The contest, created to encourage interest in scientific studies, was open to students in kindergarten through 12th grade in the six New England states.
“This contest was designed to encourage students to learn more about marine and coastal science in their region as well as NOAA,” said retired Navy Vice Admiral Conrad C. Lautenbacher, Ph.D, under secretary of commerce for oceans and atmosphere and NOAA administrator. “The team produced an innovative project that will encourage others to learn and supported their choice of ship name. NOAA benefits from their hard work and research honoring a distinguished oceanographer. They have played a part in NOAA’s history.”
Lautenbacher commended U.S. Senator Judd Gregg (R-NH) for his work on this project.
“The ship will help NOAA provide excellent data to our scientists to assess the health of fisheries populations that sustain livelihoods. NOAA is grateful for the support of Senator Gregg in obtaining funding for the vessel,” Lautenbacher said.
Mrs. Judd Gregg will be the sponsor of the new ship. Her name will be welded on the keel plate at a ceremony on May 21, and she will christen the ship when it is launched next year.
For their project, the students created a learning tool to teach the players about NOAA, Dr. Henry B. Bigelow and his work in the Gulf of Maine. It involves Web-based research that will give students background on these topics and an educational game.
“We have developed a fun and interesting way to teach children about NOAA and our coastal waters. Hopefully, our game will inspire more people to get involved with and take care of our productive Gulf of Maine. With a bit of luck, players will want to know more about preserving the many creatures inhabiting the gulf and get drawn into the fascinating world of ocean research,” wrote teacher/team coordinator Catherine Silver in the project description.
The team of 11th grade students led by Catherine Silver includes Maddie Dillon, Crystal Lamott, Carrie McEwen, Crystal Syvinski and Max Del Viscio.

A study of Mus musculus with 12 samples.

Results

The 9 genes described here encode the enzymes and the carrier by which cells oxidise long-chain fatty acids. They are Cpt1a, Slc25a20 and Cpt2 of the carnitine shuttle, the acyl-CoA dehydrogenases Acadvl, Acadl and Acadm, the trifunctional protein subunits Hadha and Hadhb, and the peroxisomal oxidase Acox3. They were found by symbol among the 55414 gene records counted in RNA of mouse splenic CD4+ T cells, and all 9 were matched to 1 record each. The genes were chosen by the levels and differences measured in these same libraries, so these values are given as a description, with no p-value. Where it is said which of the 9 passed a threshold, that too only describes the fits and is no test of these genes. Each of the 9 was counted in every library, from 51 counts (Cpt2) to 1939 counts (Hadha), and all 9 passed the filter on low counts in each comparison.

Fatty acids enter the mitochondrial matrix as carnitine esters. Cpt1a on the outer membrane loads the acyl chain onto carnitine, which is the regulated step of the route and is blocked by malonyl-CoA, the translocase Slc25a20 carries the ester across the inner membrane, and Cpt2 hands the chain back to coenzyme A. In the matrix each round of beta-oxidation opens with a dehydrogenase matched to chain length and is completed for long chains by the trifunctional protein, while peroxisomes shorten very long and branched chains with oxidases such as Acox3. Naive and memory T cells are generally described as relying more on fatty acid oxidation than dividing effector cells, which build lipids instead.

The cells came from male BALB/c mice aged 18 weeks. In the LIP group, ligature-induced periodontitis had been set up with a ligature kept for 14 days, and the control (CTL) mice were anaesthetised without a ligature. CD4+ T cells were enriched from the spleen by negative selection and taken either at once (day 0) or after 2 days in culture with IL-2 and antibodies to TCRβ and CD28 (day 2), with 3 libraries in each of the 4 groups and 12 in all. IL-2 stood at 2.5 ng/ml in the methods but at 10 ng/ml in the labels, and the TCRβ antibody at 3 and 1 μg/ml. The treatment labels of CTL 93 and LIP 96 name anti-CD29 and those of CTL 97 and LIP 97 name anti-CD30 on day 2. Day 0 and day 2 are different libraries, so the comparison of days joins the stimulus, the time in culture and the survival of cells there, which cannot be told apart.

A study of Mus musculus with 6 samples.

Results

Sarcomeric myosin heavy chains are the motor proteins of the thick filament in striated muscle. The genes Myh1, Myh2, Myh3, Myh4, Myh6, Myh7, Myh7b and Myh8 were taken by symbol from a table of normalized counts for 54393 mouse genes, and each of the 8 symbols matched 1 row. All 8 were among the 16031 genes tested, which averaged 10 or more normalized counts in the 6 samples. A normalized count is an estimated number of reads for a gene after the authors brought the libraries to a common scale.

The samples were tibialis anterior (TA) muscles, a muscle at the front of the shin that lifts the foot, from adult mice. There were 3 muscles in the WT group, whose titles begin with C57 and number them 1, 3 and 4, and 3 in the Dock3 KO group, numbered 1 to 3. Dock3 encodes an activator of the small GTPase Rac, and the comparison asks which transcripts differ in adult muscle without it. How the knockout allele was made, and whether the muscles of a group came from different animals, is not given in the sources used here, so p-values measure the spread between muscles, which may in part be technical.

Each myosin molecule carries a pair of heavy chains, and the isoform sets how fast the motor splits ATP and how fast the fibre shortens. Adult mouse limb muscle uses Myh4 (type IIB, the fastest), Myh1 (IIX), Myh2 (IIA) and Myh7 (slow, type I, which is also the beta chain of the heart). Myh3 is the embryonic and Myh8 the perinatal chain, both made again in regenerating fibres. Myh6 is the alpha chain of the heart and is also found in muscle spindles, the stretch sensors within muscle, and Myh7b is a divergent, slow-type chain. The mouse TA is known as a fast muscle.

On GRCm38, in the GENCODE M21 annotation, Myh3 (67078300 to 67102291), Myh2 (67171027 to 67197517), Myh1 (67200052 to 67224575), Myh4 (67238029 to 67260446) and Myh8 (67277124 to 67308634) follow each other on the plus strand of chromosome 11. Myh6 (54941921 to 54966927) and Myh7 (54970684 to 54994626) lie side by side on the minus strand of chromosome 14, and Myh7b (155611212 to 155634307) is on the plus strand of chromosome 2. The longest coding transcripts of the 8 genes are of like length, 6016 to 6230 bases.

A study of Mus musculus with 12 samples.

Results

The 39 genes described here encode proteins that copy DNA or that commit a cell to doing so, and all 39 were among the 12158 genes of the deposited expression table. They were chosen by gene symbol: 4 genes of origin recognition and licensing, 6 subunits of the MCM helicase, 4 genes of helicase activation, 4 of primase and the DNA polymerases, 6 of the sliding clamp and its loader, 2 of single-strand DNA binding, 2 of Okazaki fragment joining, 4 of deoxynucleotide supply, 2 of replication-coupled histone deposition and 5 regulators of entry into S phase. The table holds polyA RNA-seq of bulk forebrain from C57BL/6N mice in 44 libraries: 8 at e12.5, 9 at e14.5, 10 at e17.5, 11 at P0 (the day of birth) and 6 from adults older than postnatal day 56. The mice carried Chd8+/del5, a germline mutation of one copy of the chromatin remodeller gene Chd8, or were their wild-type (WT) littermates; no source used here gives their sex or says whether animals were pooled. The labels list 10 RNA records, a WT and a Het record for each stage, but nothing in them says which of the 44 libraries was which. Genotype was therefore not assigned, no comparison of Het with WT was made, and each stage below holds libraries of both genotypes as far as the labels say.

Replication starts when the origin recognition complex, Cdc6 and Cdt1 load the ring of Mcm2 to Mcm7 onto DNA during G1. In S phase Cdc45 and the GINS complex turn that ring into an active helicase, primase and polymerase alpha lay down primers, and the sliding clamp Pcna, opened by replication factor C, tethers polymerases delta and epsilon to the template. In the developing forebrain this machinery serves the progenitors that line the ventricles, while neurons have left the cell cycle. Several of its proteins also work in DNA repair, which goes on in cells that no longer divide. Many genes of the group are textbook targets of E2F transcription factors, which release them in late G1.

The name "Rachel Carson," submitted by the Ecology Club of Falmouth High School in Falmouth, Mass., was chosen as the second place winner.
NOAA will name the ship Henry B. Bigelow, using the full name in accordance with agency tradition. Dr. Henry Bryant Bigelow was a renowned oceanographer who worked as a researcher, instructor and professor of zoology at Harvard from 1906 to 1962, and who founded Woods Hole Oceanographic Institution in 1931. He transformed the Gulf of Maine from a scientific unknown to one of the most thoroughly studied large bodies of water in the world. In doing so, he developed the interdisciplinary, ecosystem-oriented approach that characterizes modern oceanography.
The members of the Winnacunnet team with the selected entry will attend the ship’s keel laying ceremony on May 21, and will be invited to the commissioning ceremony in 2006. This spring the students will tour one of NOAA’s research and educational facilities in New England that includes laboratories, national marine reserves and a national marine sanctuary. Winnacunnet High School will be given a duplicate keel plate from the ship that bears its new name. Additionally, the school will receive a visit from the NOAA administrator and an officer of the NOAA Corps, who will address environmental stewardship and the role students can play in protecting the ecosystems.
The NOAA ship Henry B. Bigelow is the second of four new fisheries survey vessels being constructed for NOAA at VT Halter Marine Inc. in Moss Point, Miss., and will replace the 43-year-old Albatross IV in New England when completed in 2006. It will support NOAA research primarily in the northeastern United States, and play a key role in conservation and management of fisheries and marine ecosystems.
NOAA Marine and Aviation Operations operates, manages and maintains the NOAA fleet of research and survey ships and aircraft. NMAO is composed of civilians and commissioned officers of the NOAA Corps, the nation’s seventh and smallest uniformed service. NOAA Corps officers – all scientists or engineers – provide NOAA with an important blend of operational, management and technical skills that support NOAA’s mission at sea, in the air and ashore. To learn more about NMAO and the NOAA Corps, please visit http://www.nmao.noaa.gov.